People set rules to keep from making decisions.
There are several directions we could take a conversation on this idea. Over-coaching or too narrowly defining roles to alleviate or limit player decision-making. Stringent team rules that paint a coach into a corner when infractions occur. The exceptions to rules that always seem to arise.
The bottom line with rules is they are only necessary when an absence of truth and trust are present.
This of course goes directly to the culture of one's program, the essence of one's team and the character of its members. If the coach / player relationship is not built on TRUTH there can be no true trust. In the absence of TRUST there must be rules to hold one another accountable.
It then stands to reason, the more rules needed to govern the teams conduct the less trust there is within the program.
Think about that for a minute as we consider there are only 17 Laws of the Game and only 4 of those deal with misconduct and penalty. There is a truthful spirit of the game present in soccer. Participants trust the spirit of the game will be adhered to. This is why soccer purists become so upset when an athlete "flops" on the pitch.
I put to you when the culture of a team is built on truth and trust it becomes much the same as the spirit of the game. No one wants to break the sacred bond of truth and trust because to do so one dishonors their teammates and coaches.
It's only when team standards are built on less than full truth and trust that rules for conduct become necessary. The reason for this can be found in a single word - Respect. Truth and Trust mandate respect for one another. Honor, in all its definitions is prized.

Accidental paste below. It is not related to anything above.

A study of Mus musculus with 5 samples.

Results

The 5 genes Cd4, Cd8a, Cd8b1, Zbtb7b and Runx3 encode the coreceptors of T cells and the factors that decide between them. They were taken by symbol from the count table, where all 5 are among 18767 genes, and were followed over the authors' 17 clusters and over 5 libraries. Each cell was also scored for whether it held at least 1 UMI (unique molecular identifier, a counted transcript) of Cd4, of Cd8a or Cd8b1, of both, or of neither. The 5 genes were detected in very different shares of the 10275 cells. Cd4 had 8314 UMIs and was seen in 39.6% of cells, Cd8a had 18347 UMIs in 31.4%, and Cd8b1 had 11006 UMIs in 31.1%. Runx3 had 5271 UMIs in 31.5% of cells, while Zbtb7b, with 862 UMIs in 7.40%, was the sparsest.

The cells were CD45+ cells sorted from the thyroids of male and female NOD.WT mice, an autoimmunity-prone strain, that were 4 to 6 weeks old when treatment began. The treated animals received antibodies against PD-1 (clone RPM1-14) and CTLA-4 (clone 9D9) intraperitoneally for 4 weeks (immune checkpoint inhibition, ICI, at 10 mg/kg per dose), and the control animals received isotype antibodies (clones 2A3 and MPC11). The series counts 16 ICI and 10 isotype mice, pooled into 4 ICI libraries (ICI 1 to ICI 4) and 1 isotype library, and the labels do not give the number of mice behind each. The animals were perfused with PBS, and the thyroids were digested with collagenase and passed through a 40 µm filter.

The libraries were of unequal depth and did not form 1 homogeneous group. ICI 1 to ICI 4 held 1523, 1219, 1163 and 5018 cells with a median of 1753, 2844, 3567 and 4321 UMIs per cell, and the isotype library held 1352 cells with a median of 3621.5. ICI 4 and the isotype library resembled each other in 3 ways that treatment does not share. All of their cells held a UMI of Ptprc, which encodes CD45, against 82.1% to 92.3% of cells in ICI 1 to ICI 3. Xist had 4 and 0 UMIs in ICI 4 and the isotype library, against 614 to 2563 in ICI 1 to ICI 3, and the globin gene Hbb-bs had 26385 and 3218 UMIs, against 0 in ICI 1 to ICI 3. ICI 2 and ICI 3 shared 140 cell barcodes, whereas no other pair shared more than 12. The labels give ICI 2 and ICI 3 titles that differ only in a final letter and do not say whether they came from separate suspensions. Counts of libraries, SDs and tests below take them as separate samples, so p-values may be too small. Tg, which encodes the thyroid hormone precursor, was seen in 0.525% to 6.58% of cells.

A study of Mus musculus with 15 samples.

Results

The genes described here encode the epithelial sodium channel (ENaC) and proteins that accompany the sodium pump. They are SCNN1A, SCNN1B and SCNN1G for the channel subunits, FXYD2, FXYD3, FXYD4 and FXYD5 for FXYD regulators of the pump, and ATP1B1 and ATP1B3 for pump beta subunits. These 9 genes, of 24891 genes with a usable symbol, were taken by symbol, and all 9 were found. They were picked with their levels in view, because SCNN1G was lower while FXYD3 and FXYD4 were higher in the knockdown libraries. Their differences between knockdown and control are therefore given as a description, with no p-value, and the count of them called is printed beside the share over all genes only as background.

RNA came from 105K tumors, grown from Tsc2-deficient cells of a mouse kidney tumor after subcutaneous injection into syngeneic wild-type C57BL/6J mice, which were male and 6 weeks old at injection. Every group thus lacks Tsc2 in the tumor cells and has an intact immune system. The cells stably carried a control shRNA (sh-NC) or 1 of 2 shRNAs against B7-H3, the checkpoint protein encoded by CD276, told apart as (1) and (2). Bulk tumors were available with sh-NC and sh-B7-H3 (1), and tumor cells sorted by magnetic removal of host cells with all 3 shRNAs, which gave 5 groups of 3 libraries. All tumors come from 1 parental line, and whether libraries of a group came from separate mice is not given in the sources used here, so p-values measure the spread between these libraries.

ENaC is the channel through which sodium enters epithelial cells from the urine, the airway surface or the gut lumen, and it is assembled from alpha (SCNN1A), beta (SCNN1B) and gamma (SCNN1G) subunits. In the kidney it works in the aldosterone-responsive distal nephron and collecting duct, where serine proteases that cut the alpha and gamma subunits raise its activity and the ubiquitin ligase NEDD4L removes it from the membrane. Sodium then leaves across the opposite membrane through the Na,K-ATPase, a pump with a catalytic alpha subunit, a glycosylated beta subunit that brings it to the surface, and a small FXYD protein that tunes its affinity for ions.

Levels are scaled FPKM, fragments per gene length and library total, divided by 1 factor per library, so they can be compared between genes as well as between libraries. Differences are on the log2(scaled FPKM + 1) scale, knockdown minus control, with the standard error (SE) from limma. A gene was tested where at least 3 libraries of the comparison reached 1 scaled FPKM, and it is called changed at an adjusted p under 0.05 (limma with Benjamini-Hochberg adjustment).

I recall as a young coach setting rules to address the comportment and deportment of a teams behavior. It quickly got out of hand as each new transgression required addressing. Caught up in the moment I failed to recognize the truth of what was happening - an assistant was openly sabotaging the culture of the team with designs on overthrowing me as head coach. The truth eventual came out. The core of the team survived and eventually went on to great success.
If a third word should be added to Truth and Trust it would have to be Forgiveness. When participating in a match we often hear a player claim his mistake by saying "my bad." We do not do this on my teams. We give a call of "next play!" Embedded in Next Play! is forgiveness of the mistake just made. It communicates to the transgressor to put the mistake in the past and continue playing in the present. Addressing the reason for the mistake can take place in the future. It's a very honorable means of communicating truth, trust and forgiveness.
Team rules and role identifications must be built on the same foundations. Actions and deed must be truth based for trust to be established. Ownership of individual decision making must be granted and accepted. Recognition that mistakes will be made is imperative. The consequences for mistakes must be understood - in a match a mistake might result in lost possession or even a poor result. This is okay within the culture of Truth, Trust and Forgiveness. The same should hold true in the larger environment of the team and program. Mistakes will be made. This is not open to debate. What is open to debate is how mistakes will be dealt with. This is where a culture based on Trust, Truth and Forgiveness is far superior to one based on rules and narrowly defined roles.